The rules for posting are simple!

1. Every Friday post a photo that includes one or more flowers.
2. Please only post photos you have authority to use.
3. Include a link to this blog in your post -
4. Leave the link to your FloralFridayFoto post below on inlinkz.
5. Visit other blogs listed ... comment & enjoy!

When to Post:
inlinkz will be available every Thursday and will remain open until the next Wednesday.

Thursday 25 December 2014


Canna (or canna lily, although not a true lily) is a genus of 19 species of flowering plants. The closest living relations to cannas are the other plant families of the order Zingiberales, that is the Zingiberaceae (gingers), Musaceae (bananas), Marantaceae, Heliconiaceae, Strelitziaceae. Canna is the only genus in the family Cannaceae. The APG II system of 2003 also recognises the family, and assigns it to the order Zingiberales in the clade commelinids, in the monocots. The genus is native to tropical and subtropical regions of the New World, from the southern United States (southern South Carolina west to southern Texas) and south to northern Argentina.

The species have large, attractive foliage, and horticulturists have turned it into a large-flowered and bright garden plant. In addition, it is one of the world's richest starch sources, and is an agricultural plant. Although a plant of the tropics, most cultivars have been developed in temperate climates and are easy to grow in most countries of the world as long as they receive at least 6–8 hours average sunlight during the summer, and are moved to a warm location for the winter. The name Canna originates from the Latin word for a cane or reed.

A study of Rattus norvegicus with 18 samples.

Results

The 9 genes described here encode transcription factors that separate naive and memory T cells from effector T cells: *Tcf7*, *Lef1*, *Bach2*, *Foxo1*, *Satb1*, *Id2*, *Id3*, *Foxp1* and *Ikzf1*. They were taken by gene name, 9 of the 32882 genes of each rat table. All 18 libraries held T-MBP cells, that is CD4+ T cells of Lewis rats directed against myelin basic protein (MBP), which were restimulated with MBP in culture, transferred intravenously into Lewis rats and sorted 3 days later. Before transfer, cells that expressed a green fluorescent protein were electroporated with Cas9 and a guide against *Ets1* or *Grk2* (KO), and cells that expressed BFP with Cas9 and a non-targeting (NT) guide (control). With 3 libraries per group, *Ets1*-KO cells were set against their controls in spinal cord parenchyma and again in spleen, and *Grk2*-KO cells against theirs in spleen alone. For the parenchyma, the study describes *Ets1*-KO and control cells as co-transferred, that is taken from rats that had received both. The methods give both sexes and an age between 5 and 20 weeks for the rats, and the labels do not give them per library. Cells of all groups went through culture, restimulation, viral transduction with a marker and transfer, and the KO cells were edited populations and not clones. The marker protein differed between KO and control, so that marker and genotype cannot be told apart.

The flowers are typically red, orange, or yellow or any combination of those colours, and are aggregated in inflorescences that are spikes or panicles (thyrses). Although gardeners enjoy these odd flowers, nature really intended them to attract pollinators collecting nectar and pollen, such as bees, hummingbirds, sunbirds, and bats. The pollination mechanism is conspicuously specialised.


    Merry Christmas, Dear friend!
    Best wishes from Ukraine!

    xoxo, Juliana | PJ’ Happies :) | PJ’ Ecoproject

  2. Didn't know starch could be this beautiful! Hope you had a joyful Christmas!

  3. Back again... when I clicked back to my blog, the text did not appear (only the header). Wonder if it is because I put a perma link in this time? Which I did, because Festive Touches (and the flower) is underneath my last post. Will check back Friday if I need to put a new link in.

  4. I didn't know it is an agricultural plant! I use to plant them in containers. Love the decorative leaves, too.
    Merry Christmas!

  5. Canna makes a big impact in the border! Beautiful flowers. I never grow them in my borders. I don't have room. Groetjes, Hetty

  6. Okay, to get back to you about the links. no. 9 does not work, but no. 19 does work!

  7. Best wishes for the season Nick.
    Sorry, I forgot the FFF link this week.
    What a terrific colour for the Canna, which I only knew in red. Don't they make up difficult names for these plants. No chance of ever remembering any :-)
    I wonder what part contains the starchf and if it is truly fit for consumtion.